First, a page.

There are two big things Patrick Kiely hopes his company Island Water Technologies will accomplish in 2016: one he is certain will happen, and the other he hopes will happen.
Montague, P.E.I.-based Island Water Technologies, which uses its unique technologies to treat wastewater in small communities or outlying areas, is now working with three distributors to sell its ClearPod product across Canada. Kiely, the company’s CEO, is certain sales of ClearPod — a small device that is dropped into a septic tank to restore performance of failing systems — will increase through the year.
What he hopes will happen this year is the first installation of the company’s larger and newer product.
“I hope the highlight of 2016 will be the installation of one or two of the world’s first mobile solar-powered water treatment plants — one in New Brunswick and one in North Africa,” said Kiely in an interview last week. “Now that’s an optimistic goal, but it’s what we’re working toward.”
Until this month, Island Water Technologies and ClearPod were two separate companies with Kiely being a key shareholder in both. ClearPod produced its product for septic tank owners, and Island Water Technologies was pioneering a solar-powered water treatment facility for small communities.
The company has received funding from Innovacorp (secured because it has based all of its product testing and validation in Truro), various angels and the Atlantic Canada Opportunities Agency. ClearPod and Island Water Technologies have just merged under the Island Water Technologies name and have enough funding for about the next 18 months.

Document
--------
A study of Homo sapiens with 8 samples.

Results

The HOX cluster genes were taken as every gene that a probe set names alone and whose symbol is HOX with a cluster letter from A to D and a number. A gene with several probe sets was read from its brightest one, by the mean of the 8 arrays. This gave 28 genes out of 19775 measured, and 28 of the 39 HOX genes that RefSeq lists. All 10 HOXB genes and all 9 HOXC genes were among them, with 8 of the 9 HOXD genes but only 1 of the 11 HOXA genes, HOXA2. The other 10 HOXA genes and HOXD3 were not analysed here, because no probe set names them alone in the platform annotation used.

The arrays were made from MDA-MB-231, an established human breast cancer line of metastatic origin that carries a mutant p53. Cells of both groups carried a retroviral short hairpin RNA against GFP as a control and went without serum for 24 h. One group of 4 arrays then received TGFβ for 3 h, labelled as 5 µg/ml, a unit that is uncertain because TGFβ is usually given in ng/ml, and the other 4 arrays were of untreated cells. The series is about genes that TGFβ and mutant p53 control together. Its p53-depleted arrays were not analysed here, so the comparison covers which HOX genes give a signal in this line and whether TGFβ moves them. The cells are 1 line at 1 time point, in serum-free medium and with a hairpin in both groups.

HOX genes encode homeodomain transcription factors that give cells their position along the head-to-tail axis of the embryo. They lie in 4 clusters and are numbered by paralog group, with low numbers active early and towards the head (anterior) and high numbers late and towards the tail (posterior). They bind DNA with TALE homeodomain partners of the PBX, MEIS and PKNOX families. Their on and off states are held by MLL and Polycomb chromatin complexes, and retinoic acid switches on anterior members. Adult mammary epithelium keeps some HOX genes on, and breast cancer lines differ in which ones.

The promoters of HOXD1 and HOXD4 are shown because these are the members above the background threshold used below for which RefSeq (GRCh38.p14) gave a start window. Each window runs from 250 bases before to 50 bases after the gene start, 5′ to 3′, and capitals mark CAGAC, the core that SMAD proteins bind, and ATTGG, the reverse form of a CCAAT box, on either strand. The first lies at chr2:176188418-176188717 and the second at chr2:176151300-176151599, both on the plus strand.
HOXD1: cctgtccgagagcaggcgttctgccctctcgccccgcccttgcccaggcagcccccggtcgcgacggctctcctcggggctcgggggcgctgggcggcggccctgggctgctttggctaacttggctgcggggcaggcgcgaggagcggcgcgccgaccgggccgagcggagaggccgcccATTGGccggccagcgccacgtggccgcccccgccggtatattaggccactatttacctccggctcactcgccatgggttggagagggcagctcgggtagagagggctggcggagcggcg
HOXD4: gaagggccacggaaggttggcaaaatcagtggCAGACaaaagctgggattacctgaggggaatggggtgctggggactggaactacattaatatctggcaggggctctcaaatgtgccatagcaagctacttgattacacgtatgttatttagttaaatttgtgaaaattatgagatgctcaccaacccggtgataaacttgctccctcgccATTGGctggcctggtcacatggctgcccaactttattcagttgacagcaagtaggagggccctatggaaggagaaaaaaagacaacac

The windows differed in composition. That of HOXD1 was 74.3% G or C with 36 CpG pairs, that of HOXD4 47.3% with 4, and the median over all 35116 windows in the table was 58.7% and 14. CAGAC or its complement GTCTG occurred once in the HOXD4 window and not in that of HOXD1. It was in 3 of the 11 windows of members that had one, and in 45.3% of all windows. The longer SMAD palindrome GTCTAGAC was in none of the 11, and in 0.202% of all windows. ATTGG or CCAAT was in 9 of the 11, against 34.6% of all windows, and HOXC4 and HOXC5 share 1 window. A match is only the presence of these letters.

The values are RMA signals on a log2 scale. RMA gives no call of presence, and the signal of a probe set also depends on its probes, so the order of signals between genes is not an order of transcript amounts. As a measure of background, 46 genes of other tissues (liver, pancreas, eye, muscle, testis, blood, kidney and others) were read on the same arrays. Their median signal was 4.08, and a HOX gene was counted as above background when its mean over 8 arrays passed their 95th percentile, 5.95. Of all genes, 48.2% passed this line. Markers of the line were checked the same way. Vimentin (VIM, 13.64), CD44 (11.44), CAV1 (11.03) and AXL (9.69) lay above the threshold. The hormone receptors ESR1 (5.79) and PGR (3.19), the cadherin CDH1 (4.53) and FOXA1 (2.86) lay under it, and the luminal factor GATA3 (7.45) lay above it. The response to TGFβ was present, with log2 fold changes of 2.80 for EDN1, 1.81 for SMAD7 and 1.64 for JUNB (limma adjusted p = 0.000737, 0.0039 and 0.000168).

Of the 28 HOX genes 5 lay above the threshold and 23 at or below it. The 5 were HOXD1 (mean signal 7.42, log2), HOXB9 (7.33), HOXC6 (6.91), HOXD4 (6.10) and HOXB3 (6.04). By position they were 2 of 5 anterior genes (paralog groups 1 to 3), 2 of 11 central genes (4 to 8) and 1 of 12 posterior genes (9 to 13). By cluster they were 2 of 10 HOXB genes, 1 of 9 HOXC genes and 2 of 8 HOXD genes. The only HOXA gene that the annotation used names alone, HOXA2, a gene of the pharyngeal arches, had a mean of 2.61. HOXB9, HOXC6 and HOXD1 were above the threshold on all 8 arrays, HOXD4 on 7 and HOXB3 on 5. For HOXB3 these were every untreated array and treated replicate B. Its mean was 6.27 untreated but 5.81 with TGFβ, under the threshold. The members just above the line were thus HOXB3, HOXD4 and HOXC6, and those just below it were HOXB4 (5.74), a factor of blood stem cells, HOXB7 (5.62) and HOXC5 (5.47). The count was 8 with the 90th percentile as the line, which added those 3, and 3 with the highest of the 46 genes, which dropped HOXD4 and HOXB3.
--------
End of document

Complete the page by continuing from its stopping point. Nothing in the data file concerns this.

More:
Island Water Technologies also attended an incubator hosted by Cycle Capital Management, the Montreal-based cleantech fund that has also worked with Halifax companies SABRtech and LED Roadway Lighting.
The enlarged company is now selling ClearPod through distributors in British Columbia, Ontario and Nova Scotia, and is looking at lining up sales agreements in the United States in the Carolinas, Georgia and Texas.
“We’re really eager to drive the sales in Canada, and we’re also looking at select states in the U.S.,” said Kiely. “The challenge for us is to find distributors who can sell the product. It’s very difficult to sell anything involving septic tanks to homeowners unless they are recommended by people who work with septic systems — so tank manufacturers, pumpers, installers.”
Meanwhile, the company has been working with the Cycle Capital and Dalhousie on solar-powered water treatment facilities, and is enhancing the product by making it mobile. What that means is they can be driven to remote locations, such as outlying communities or mine sites, where there is no — or limited — electricity, and treat the water.
Kiely said the first two markets for the product will be the military and the mining industry. He is interested in using the facilities for disaster relief, but agencies working in that field want to know the technology is 100 percent proven before they use it. They’ll be later adopters, he hopes.
Kiely cautions that a lot of things would have to fall into place for the mobile units to be in operation this year. He’s more confident they can be operational in 2017.
“In reality we’re looking at 12 to 18 months from now, and it’s looking pretty good,” he said.